There is a tension, a longing, in this splendid first-ever retrospective of Peter Clossick’s work. Through prolonged observation and countless applications of the brush, pencil or charcoal he creates a sensuous image of inner thought.
This is slow object art. The opposite of fast art. And yet, there is a powerful sense of immediacy and presence. A sense of quiet contemplation from the very beginning.
It’s exciting to re-trace the restless movement of the artist’s mind as he seeks to capture the very becoming of a present moment. Out of heavily-worked masses of oil paint, a feeling of weightlessness emerges. His sitters are surrounded by mindscapes as their thoughts become conjoined with ours through the tactile substance of charcoal, pen or paint.
There is both permanence and a sense of the fleeting in the act of seeing and understanding. It is an exploration through drawing of the subject-object relationship and how it transmutes into something with a greater weight. Through aesthetic alchemy the countless, individual facets of each sensation come together to convey the sense of individual personality. Clossick likes Samuel Taylor Coleridge’s words about the co-existence of “a union of disparities” as being vital in artistic creation.
A seated nude Carol 1 floats in a sea of blue and turquoise brushstrokes. Her body is vulnerable as she shifts her knees and her profile is echoed in the shadows. Other ‘Carols’ are lost in thought, balancing on tilting chairs, as the studio floor swirls around them. A Schubert song springs to mind: Schein und Widerschein – semblance and reflection – the image of a loved one is glimpsed in mirroring waters.
These nudes live in an enchanted domain. Jane Pregnant, for example, lies in a light-filled space, as does the earlier Monochrome Woman. The enchanting Into the Void picks up a Leitmotif: Clossick is devoted to a plaster cast of Venus de’ Medici which lives in his Lee Green studio. In this version she turns towards an uncertain opening, reminiscent of the Greek myth of the sculptor Pygmalion whose statue mysteriously comes to life.
Thickly-applied oil paint has a momentum of its own which sets it beyond any strict control. Elements of uncertainty, moments of ‘not-being’, are vital. Clossick says: “I use thick impasto because to a certain degree it puts the control out of control, becoming more physical and haptic which I find more real. A combination of two forms of awareness which are necessary for depiction, held together in the mind as a single composite experience.”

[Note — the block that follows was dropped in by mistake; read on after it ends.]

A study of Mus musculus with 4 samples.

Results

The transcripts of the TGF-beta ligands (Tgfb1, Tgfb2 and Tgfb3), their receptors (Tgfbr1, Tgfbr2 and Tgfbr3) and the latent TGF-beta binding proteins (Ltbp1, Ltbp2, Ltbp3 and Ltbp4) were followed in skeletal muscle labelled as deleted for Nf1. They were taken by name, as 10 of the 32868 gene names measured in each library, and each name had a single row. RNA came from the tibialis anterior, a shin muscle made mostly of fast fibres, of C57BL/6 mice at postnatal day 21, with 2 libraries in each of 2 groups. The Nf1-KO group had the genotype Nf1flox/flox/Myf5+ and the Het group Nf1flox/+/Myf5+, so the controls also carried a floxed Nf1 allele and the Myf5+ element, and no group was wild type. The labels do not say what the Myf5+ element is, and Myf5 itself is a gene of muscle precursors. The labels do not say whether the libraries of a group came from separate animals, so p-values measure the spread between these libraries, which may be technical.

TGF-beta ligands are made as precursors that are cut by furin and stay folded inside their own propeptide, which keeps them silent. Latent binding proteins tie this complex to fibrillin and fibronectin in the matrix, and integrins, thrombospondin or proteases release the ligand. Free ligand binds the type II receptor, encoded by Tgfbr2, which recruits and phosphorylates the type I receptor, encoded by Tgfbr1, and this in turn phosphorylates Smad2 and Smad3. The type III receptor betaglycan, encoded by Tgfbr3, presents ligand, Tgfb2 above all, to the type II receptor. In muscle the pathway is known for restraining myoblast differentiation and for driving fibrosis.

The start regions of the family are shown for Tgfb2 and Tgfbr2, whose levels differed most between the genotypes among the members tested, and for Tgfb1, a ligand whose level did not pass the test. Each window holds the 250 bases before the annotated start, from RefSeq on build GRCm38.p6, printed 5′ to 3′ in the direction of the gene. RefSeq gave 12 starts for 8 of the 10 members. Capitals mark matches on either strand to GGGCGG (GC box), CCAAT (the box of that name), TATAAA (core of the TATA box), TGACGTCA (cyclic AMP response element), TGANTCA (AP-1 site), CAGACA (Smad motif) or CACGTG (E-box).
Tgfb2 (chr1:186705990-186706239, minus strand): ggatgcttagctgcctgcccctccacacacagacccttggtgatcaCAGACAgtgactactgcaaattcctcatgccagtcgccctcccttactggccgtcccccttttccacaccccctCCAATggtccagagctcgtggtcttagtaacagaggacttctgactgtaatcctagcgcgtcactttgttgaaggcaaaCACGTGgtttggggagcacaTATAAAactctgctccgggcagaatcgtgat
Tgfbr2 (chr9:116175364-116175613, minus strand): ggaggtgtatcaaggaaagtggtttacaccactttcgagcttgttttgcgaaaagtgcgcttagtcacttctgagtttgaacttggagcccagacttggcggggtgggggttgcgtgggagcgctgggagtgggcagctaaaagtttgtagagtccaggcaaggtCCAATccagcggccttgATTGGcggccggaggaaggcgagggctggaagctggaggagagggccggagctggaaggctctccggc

There is a constant search to capture the indefinable, that thing just beyond our consciousness that acquires a magnetic attraction.
Is this the unknowable ‘thing in itself’ that leads to despair about the possibility of knowledge? I would say no. While there is constantly a sense of aspiring towards the unknown, these multiple notations from the subject come together to form a new whole. Sometimes it is purely through monochrome or nearly monochrome shades of black, grey and white. At other times, especially in recent figure studies, it’s through rich orange and blue contrasts, subtly combined through wide bands of paint.
We are surfing on the edge of the known and yet to be known. Clossick’s pencil, charcoal and brush form connections between him, us and the infinite, constantly challenging us to discover more. The Iraqi poet Adnan al Sayegh has said it better: “I have reached you… (and I cannot reach…)”.
Clossick grew up in Mornington Crescent and has deep roots in the traditions of the London Group which included Walter Sickert and Harold Gilman amongst its founders. He is a distinguished past president of the Group, one of the oldest artist-led organisations in the world. He has much in common with members such as Frank Auerbach, Lucian Freud and Leon Kossoff. But he has shed the extreme darkness that so often overwhelms the work of this older generation.
Here is a philosophy of reflection about ourselves and the Other of ourselves, materialised in marks on canvas and paper. Clossick celebrates our capacity to explore the complex liminal spaces and motions of things coming into being, the world moving in and out of our consciousness. And how we can share the knowledge that we exist as living, breathing human beings.
Retroactive: Drawing and Painting Retrospective is at the Cello Factory, 33-34 Cornwall Road, SE1 8TJ until 30 June. Felix and Spear are exhibiting Clossick’s paintings along with Auerbach, Kossoff and Uglo etchings at 71 St Mary’s Road, W5 5RG until 6 July.